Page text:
Ludwig drum badge dating

ludwig drum badge dating

How do I find the date on a Ludwig drum?

Many Ludwig drums, including main line (Keystone and Blue/Olive Badges) and Standards, have dates stamped inside their shells or on paper labels. In the 1999-2005 time frame, several guides were published which report known serial number and date stamp combinations and/or show the general relationship between serial number and date.*

When did Ludwig stop making blue badges on drums?

These addressed the Keystone badge drums of the 1960s and ventured only slightly into the Blue/Olive badges which replaced them in 1969. Most knowledgeable of Ludwig drums agree that someone armed with only a serial number cannot reliably pinpoint a date of manufacture of a Ludwig drum.

When did Ludwig start putting serial numbers on badges?

The database includes drums from the beginning of Ludwigs use of serial numbers on Keystone badges in late 1963 and continues through the Blue/Olive Badges to the large Keystone badges which began in around 1984.

When did Ludwig Rockers start using transition badges?

1990s Ludwig Rockers. This was a transition badge and you will see it with and without a serial number it is prior to and during the move to Monroe. This badge was covered by the hoop and normally is not cut on the top. It was on a 1985 snare drum.

How many Ludwig Drums have serial numbers and date stamps?

As of December 10, 2013, a database of 1,442 reliable reports of serial numbers and date stamps from the main line of Ludwig drums has been compiled. Fifty-eight have date stamps but badges without serial numbers and 120 additional drums have serial numbers and Date Codes.

How can I tell how old a Ludwig drum is?

Date stamps are simultaneously the best and worst means to properly date a Ludwig drum from the 60s (use of the date stamp was discontinued ca. 1970 with the introduction of the “Blue & Olive” badge). A drum was stamped when the shell was finished, providing the most accurate depiction of the age of wood due to the fact final assembly came later.

How did we begin the process of indexing Ludwig drums?

We began in the late 1980’s by monitoring all of the 60’s Ludwig drums that came into our shop. Thanks to the production boom of the 60’s, we had a large sampling of drums which provided enough data to do our research. When we found a drum with both a serial number and complete date stamp present, this data was entered into a serial number index.

How do I identify a Ludwig?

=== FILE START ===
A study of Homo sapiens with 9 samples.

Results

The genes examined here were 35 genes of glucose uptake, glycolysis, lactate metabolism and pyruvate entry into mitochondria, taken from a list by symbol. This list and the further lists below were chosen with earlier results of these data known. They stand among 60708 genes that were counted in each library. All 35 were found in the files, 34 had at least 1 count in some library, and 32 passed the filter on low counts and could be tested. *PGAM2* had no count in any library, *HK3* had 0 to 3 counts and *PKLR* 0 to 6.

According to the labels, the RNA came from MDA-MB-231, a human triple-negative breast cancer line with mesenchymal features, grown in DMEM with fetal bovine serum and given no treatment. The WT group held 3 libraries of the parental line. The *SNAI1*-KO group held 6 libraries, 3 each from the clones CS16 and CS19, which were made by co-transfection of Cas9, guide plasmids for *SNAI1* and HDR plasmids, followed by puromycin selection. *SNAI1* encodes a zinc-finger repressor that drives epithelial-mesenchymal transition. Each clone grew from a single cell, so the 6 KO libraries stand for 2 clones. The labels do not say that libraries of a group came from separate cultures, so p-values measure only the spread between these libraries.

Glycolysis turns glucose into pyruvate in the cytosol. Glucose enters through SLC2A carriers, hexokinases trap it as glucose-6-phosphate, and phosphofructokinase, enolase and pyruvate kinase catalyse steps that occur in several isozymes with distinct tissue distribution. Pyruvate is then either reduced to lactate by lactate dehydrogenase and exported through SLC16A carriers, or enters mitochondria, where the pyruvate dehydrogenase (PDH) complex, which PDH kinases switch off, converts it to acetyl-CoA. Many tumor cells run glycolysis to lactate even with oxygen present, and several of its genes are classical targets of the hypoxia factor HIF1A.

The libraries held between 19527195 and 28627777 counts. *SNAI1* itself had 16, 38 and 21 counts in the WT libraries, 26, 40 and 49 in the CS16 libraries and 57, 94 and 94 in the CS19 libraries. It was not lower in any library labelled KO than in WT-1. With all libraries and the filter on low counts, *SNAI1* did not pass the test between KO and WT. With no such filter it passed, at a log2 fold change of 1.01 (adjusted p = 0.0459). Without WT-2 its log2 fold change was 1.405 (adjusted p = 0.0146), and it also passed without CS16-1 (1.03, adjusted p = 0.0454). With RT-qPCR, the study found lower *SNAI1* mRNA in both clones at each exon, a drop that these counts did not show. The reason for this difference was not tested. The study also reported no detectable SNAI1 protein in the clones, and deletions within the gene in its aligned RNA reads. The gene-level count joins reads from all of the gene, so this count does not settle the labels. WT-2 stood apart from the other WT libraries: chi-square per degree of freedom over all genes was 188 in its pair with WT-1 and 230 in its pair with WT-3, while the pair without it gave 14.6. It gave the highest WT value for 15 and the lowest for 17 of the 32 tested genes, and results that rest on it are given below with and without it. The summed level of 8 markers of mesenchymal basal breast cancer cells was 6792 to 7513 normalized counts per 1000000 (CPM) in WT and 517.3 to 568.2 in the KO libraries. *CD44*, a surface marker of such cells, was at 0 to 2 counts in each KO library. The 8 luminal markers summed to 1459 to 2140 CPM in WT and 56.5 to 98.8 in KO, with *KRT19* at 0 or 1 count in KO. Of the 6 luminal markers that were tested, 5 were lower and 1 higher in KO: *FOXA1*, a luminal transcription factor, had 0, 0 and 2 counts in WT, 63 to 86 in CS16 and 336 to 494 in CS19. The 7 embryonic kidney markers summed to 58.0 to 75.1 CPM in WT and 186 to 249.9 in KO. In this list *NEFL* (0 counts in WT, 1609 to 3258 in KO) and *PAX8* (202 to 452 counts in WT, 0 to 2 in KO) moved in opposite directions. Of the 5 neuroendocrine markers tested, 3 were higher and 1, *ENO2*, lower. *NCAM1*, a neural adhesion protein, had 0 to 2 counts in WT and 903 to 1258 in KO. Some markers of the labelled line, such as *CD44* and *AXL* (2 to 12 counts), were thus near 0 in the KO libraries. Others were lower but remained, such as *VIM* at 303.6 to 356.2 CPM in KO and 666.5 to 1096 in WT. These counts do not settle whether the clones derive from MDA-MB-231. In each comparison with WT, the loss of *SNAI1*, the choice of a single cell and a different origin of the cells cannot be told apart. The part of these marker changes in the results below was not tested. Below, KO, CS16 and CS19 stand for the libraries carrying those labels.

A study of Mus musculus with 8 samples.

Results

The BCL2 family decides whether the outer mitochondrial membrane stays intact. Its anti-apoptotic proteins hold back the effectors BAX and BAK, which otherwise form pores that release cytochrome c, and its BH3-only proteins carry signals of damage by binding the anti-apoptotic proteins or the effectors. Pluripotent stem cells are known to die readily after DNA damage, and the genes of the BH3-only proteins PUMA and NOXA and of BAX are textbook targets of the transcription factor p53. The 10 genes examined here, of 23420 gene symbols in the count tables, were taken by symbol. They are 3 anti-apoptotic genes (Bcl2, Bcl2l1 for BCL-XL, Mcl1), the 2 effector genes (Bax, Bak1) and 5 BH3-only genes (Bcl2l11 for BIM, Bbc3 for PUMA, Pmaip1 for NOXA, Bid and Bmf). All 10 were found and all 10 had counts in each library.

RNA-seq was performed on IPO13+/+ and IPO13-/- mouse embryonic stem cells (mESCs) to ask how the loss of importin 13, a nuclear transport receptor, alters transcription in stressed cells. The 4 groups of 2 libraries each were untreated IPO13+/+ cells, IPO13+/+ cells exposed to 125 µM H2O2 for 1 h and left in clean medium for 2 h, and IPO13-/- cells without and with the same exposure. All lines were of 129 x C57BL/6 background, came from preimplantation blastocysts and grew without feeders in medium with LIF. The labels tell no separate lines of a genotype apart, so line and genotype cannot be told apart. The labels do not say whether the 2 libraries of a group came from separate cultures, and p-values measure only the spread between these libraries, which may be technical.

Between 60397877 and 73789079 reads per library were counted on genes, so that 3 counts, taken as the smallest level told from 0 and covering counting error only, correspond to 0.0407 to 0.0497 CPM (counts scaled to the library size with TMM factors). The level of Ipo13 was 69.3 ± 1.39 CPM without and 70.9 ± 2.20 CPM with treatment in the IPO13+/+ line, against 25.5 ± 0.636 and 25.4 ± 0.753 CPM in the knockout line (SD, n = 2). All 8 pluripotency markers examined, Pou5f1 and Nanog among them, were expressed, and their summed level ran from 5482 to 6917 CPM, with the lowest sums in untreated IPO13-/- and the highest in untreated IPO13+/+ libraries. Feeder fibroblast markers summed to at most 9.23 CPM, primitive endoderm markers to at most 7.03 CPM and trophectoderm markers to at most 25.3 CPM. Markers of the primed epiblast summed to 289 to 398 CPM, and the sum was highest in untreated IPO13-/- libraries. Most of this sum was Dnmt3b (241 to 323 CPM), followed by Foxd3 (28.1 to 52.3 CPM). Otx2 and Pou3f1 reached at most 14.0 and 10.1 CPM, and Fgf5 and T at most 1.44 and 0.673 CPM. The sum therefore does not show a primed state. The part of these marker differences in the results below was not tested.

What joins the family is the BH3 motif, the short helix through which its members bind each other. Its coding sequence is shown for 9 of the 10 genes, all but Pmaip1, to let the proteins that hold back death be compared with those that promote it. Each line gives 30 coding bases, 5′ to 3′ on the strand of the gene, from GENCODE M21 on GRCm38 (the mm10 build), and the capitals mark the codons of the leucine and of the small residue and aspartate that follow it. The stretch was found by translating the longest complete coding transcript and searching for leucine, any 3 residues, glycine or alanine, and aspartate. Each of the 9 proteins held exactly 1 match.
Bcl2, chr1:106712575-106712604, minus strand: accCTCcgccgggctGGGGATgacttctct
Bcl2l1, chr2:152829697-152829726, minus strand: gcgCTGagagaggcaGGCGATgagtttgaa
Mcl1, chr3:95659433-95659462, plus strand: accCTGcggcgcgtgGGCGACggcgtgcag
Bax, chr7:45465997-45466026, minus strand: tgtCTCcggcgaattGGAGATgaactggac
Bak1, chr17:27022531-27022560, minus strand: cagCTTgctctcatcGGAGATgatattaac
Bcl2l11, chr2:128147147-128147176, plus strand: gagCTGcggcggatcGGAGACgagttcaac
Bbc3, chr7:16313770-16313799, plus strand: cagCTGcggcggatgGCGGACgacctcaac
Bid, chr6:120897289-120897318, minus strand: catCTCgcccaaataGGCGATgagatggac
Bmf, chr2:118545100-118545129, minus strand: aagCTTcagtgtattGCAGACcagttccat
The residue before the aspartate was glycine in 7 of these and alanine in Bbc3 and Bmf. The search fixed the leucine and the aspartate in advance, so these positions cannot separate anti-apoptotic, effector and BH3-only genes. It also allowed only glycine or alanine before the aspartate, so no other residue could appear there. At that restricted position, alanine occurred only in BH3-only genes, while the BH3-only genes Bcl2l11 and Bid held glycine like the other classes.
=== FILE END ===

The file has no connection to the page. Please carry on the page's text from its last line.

In this article, we’ll be looking at the three best ways to identify a Ludwig: date stamp, serial number/badge style and shell construction. Forenote:The first two means of indication, date stamp and serial number/badge style, are the two most accurate for identifying the correct year of production.

When did Ludwig change the badge on classic shells?

A larger “modern” keystone badge was put on Classic shells and by 1985. When the Chicago plant closed, this badge read “Monroe, NC”, and no longer “Chicago USA”. Ludwig classic shells underwent another change in 1988, offering a 4-ply maple shell known as the “Super Classic”.

What do the different era badges on a Ludwig drum mean?

The Modular bracket, another 70’s era innovation, took on more recognition in the 1980’s. New Blue/Olive badges with rounded lower left and upper right corners (debuting in 1979) came to represent the close of one era, while another came. By 1984, Ludwig Classic shells had a new badge marking the end of Ludwig Chicago era drums.

How do I identify a 70’s Ludwig?

Ludwig drums could also be identified even further, than simply from the badge, into a specific time period of the 70’s by the construction of the shell, and the hardware used throughout the drum. Ludwig shells from 1970-1975 carried the 3-ply maple/ poplar/ maple with the re-enforcement ring construction of the late 60’s.

Where can I find help with my Ludwig drum history?

We are here to answer your Ludwig drum history questions. If you are learning about your Ludwig Drum Set or Ludwig Snare Drum and want help then please ask the Drum Experts. The Ludwig Drum Experts have an extensive section devoted to Ludwig Drums over on our Vintage Drum Guide web site.